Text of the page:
November 16th, 2011
WASHINGTON – Echoing what it calls a "growing chorus of policymakers," the Generic Pharmaceutical Association (GPhA) has urged the congressional "super committee" on deficit reduction to nix a proposed legislative ban on pharmaceutical patent settlements.
GPhA said Tuesday that such a policy — which targets so-called "pay for delay" deals — would curtail access to safe, effective and affordable generic drugs and shouldn't be adopted by the bipartisan Congressional Joint Select Committee on Deficit Reduction.
Last week, GPhA criticized a revised cost estimate by the Congressional Budget Office (CBO) on the Preserve Access to Affordable Generics Act (S. 27), a bill to ban brand-name drug makers from compensating generic drug companies to delay the entry of a generic medication into the market. The association said the CBO estimate was based on faulty assumptions and questionable data.
GPhA contends that patent settlements haven't delayed generic market entry beyond the date of the patent expiration and instead have made lower-cost generic drugs available months or even years before patents have lapsed. The association notes that generic manufacturers challenging a branded drug company's patents in court — to enable immediate market entry for their product — win their cases less than half the time they are pursued.
"The facts are crystal clear: Patent settlements save consumers and taxpayers billions of dollars," GPhA president and chief executive officer Ralph Neas said in a statement Tuesday. "The growing chorus of lawmakers urging the super committee to resist efforts to put a patent settlement ban into their recommendations offers further proof. Such a ban is bad public policy that would have a detrimental impact on the American public and eliminate billions of dollars in health care savings from our country."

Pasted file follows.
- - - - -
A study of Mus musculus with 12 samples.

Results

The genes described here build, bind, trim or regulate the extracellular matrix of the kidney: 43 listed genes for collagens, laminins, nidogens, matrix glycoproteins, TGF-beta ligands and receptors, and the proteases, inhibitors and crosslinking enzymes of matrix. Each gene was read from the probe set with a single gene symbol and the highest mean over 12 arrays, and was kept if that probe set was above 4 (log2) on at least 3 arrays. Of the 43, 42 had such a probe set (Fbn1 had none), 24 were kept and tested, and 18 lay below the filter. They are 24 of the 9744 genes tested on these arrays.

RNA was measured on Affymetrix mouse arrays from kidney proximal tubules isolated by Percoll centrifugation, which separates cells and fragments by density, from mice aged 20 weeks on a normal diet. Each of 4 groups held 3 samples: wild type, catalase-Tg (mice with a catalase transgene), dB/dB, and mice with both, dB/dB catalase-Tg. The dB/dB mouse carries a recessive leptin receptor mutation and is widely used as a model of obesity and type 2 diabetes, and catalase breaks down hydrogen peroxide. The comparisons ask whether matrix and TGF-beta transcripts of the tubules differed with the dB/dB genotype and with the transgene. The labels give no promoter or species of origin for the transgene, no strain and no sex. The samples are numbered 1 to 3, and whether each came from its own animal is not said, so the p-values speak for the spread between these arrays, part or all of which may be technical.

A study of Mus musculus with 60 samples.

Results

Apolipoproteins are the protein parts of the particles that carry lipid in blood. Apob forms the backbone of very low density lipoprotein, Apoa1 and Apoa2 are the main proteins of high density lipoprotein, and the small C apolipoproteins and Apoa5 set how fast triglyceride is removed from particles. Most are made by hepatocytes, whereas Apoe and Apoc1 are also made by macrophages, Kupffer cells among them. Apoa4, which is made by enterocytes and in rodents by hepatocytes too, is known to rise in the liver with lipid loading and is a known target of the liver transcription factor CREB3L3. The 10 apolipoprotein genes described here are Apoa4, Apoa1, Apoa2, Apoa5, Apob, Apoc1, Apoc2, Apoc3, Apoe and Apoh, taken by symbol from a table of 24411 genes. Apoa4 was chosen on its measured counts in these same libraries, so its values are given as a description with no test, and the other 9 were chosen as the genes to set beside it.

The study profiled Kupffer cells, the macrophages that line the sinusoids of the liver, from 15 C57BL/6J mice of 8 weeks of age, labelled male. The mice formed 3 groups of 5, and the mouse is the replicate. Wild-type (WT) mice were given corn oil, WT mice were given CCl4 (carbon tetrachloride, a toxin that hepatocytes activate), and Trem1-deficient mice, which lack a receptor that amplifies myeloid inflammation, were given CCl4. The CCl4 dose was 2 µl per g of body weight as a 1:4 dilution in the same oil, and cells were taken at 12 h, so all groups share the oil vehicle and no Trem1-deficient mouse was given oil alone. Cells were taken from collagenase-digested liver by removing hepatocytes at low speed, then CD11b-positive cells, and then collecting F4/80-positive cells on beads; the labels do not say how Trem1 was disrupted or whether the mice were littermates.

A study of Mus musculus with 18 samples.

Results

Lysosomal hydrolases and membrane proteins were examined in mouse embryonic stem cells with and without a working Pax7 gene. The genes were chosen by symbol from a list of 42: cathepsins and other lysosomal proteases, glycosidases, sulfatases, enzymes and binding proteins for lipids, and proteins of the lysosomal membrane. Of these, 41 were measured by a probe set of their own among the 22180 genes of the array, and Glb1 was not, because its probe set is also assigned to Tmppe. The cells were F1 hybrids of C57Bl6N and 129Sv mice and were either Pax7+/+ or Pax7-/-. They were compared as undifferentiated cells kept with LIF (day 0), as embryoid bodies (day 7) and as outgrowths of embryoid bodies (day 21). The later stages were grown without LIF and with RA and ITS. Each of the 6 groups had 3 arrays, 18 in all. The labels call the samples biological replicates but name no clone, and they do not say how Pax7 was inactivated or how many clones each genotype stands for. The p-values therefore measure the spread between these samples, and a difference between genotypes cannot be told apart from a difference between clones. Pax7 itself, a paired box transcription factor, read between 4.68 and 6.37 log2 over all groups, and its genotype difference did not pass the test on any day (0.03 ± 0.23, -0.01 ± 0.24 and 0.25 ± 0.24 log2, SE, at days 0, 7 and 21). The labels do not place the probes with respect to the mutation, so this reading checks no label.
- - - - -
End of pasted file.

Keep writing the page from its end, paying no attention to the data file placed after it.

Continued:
This month alone, members of the House, Senate and the Federal Trade Commission have spoken out against a legislative ban on patent settlements, according to GPhA.
The association said that in a letter to the editor published last week, FTC Commissioner J. Thomas Rosch termed any projected savings from a ban on settlements as "inherently speculative" and stated that such a policy "should not be tacked onto any other piece of legislation."
Nine senators also have called on the super committee to avoid this legislation, acknowledging that the bill "disregards the fact that patent settlements in practice end expensive and protracted legislation, therefore allowing generic drugs to come to the market faster," GPhA reported.
In addition, GPhA cited a letter from Reps. Lamar Smith (R., Texas) and Bob Goodlatte (R., Va.), chairmen of the House Judiciary Committee and Subcommittee on Intellectual Property, respectively, that it said "laid bare the supposed savings" that a patent settlement ban would provide consumers and the U.S. health care system. "Not only does the bill make bad policy ... but claims that it might modestly reduce the deficit are highly doubtful," Smith and Goodlatte stated in the letter. "Indeed, we believe the bill is as likely to increase the deficit as decrease it."
The association stated, "Instead of concentrating their efforts on banning pro-consumer and pro-competitive settlements, GPhA urges lawmakers to focus on initiatives that promote, not hamper, consumer access to safe and effective generic drugs."